Utah judge denies request to halt same-sex marriages
A judge who lifted a gay marriage ban in Utah, one of the most conservative US states, has denied an application by officials to reverse the move.
Judge Robert Shelby's ruling on Friday that Utah's ban on same-sex nuptials was unconstitutional has dismayed the Republican governor and Mormon church.
He has now denied state lawyers' bid to suspend his ruling pending an appeal.
Hundreds of gay couples have been tying the knot in several counties where marriage licences are being issued.
The state asked the 10th Circuit Court of Appeals in Denver to grant an emergency stay that would have immediately stopped gay weddings until the court can rule on whether last week's decision was valid.
Judge Shelby himself heard Monday's challenge, and rejected it.
His ruling makes Utah the 18th state, alongside California and New York, to legalise same-sex weddings. It came in the same week as New Mexico approved gay marriage.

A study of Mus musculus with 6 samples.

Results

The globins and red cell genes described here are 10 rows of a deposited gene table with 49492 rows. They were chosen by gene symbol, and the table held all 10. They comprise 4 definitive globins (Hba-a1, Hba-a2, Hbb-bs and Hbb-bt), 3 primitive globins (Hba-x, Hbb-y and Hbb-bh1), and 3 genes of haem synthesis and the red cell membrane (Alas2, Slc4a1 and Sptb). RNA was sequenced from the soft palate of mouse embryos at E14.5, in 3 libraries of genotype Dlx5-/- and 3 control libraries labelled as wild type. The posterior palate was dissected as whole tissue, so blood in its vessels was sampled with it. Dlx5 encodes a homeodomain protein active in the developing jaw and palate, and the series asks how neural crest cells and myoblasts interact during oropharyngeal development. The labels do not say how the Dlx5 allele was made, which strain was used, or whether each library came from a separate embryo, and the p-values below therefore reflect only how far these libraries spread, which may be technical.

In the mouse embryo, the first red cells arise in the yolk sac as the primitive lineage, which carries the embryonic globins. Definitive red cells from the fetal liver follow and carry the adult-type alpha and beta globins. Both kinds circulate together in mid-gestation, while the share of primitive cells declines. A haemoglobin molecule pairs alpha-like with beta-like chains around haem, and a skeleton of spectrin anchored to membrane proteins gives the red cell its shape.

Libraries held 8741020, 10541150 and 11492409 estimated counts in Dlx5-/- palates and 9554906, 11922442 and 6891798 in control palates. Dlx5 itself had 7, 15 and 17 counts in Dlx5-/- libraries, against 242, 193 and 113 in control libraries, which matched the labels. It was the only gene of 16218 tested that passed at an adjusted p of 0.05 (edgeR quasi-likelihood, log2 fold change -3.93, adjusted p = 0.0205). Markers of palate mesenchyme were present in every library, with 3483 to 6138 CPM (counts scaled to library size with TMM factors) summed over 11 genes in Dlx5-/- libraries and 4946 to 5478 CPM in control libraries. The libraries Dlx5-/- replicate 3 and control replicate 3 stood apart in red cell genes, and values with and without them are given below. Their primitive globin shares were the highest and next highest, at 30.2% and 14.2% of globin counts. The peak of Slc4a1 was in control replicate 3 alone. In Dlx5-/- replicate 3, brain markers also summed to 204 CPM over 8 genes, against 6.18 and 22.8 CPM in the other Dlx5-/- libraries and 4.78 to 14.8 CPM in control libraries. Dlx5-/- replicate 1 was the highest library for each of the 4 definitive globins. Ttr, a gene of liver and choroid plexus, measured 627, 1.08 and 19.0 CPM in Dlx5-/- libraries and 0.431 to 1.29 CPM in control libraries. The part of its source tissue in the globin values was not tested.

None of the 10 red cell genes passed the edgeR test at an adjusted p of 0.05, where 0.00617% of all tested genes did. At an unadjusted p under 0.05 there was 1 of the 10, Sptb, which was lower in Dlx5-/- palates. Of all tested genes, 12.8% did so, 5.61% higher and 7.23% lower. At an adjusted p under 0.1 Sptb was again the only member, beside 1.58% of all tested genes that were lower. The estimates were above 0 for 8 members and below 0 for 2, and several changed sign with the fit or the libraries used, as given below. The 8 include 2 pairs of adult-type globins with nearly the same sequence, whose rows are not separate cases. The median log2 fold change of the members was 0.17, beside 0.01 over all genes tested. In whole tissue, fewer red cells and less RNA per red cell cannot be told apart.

The Utah-based Church of Jesus Christ of Latter-day Saints, or Mormon church, has said it hopes the ruling will be overturned by a higher court.
The case was brought by three couples who had been denied licences or recognition in the state, including one couple who had been legally married in Iowa.
They challenged a ban on gay marriage passed by Utah voters in 2004 by 66%. Judge Shelby said that violated same-sex couples' rights to equal protection.
On Monday, Republican Governor Gary Herbert said the judge's ruling had resulted in "a lot of chaos".
"This uncertainty is creating a lot of problems for us with the conflicting laws in the state of Utah, what the clerks should be doing, what the tax laws are going to be," he said in a statement.
But according to the Salt Lake City Tribune newspaper, Peggy Tomsic, a lawyer for the three same-sex couples who brought the case, told Judge Shelby on Monday: "The status quo has changed. The cloud of confusion is in the minds of the state."
In Friday's ruling, Judge Shelby said Utah had failed to show that allowing gay marriages would affect opposite-sex unions.
"In the absence of such evidence, the state's unsupported fears and speculations are insufficient to justify the state's refusal to dignify the family relationships of its gay and lesbian citizens," he wrote.